Alternate Names : Inflammation – esophagus
Esophagitis is a general term for any inflammation, irritation, or swelling of the esophagus, the tube that leads from the back of the mouth to the stomach.
- Esophagitis Candida
- Esophagitis CMV
- Esophagitis herpes
Overview, Causes, & Risk Factors
Esophagitis is frequently caused by the backflow of acid-containing fluid from the stomach to the esophagus, a condition called gastroesophageal reflux. An autoimmune disorder called eosinophilic esophagitis also causes this condition.
The following increase your risk of esophagitis:
- Excessive vomiting
- Medications such as aspirin, ibuprofen, potassium, alendronate, tetracycline, and doxycycline
- Vitamin C supplements
- Surgery or radiation to the chest (for example, treatment for lung cancer)
Persons with weakened immune systems due to HIV and certain medications (such as corticosteroids) may develop infections that lead to esophagitis.
Esophageal infection may be due to fungi, yeast (especially Candida infections), or viruses such as herpes or cytomegalovirus.
Pictures & Images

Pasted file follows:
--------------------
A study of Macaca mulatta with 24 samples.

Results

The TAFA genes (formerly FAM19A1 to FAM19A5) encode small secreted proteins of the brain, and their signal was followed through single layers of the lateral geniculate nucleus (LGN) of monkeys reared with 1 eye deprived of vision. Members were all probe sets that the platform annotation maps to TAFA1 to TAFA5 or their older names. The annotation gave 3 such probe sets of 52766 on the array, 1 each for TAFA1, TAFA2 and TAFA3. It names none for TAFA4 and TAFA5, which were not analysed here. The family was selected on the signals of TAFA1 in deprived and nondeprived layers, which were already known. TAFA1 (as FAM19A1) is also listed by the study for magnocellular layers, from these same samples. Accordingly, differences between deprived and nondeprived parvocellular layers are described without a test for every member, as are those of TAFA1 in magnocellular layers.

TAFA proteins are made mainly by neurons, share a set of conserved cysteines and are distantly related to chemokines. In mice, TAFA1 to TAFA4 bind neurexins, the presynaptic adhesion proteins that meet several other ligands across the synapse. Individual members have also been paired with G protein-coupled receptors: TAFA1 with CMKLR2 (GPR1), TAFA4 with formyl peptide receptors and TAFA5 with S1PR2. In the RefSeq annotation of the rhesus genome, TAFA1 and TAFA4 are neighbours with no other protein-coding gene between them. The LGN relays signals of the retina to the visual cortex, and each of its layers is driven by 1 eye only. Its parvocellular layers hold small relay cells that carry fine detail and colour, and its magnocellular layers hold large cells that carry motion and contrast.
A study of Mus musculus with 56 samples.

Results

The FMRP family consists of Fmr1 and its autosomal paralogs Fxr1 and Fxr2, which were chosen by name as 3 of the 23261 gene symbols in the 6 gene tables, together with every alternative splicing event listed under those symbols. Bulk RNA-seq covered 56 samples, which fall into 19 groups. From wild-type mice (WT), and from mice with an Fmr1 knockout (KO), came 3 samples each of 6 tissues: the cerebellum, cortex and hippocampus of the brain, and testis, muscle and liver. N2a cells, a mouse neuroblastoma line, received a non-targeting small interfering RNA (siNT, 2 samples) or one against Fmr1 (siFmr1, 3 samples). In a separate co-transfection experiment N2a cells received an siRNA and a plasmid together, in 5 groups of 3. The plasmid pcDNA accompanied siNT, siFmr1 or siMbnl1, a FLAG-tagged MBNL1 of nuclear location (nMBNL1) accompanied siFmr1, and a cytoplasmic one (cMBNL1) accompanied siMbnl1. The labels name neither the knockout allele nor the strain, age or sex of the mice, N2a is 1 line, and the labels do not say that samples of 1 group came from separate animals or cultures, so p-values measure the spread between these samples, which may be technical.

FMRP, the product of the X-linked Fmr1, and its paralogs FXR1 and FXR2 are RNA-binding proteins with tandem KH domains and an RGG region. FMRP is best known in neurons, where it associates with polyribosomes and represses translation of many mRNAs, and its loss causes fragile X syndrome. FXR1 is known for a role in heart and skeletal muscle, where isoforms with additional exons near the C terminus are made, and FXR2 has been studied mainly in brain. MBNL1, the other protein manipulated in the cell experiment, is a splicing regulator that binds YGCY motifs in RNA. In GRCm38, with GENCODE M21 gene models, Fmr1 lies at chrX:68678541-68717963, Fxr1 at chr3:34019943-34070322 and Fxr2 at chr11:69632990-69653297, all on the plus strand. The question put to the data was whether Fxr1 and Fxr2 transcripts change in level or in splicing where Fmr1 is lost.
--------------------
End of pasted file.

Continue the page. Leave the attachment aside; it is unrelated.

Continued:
Esophagus and stomach anatomy
Food is swallowed and passes through the esophagus to the stomach, where the majority of digestion takes place.
The esophagus connects the nose and mouth with the stomach. The epiglottis folds over the trachea when a swallow occurs, to prevent the swallowed substance from being inhaled into the lungs. When a person is unable to swallow because of illness or coma, a tube may be inserted either through the mouth or nose, past the epiglottis, into the esophagus and into the stomach. Nutrients will be passed through the tube directly into the stomach.
Review Date : 7/13/2009
Reviewed By : Jacob L. Heller, MD, MHA, Emergency Medicine, Virginia Mason Medical Center, Seattle, WA. Also reviewed by David Zieve, MD, MHA, Medical Director, A.D.A.M., Inc.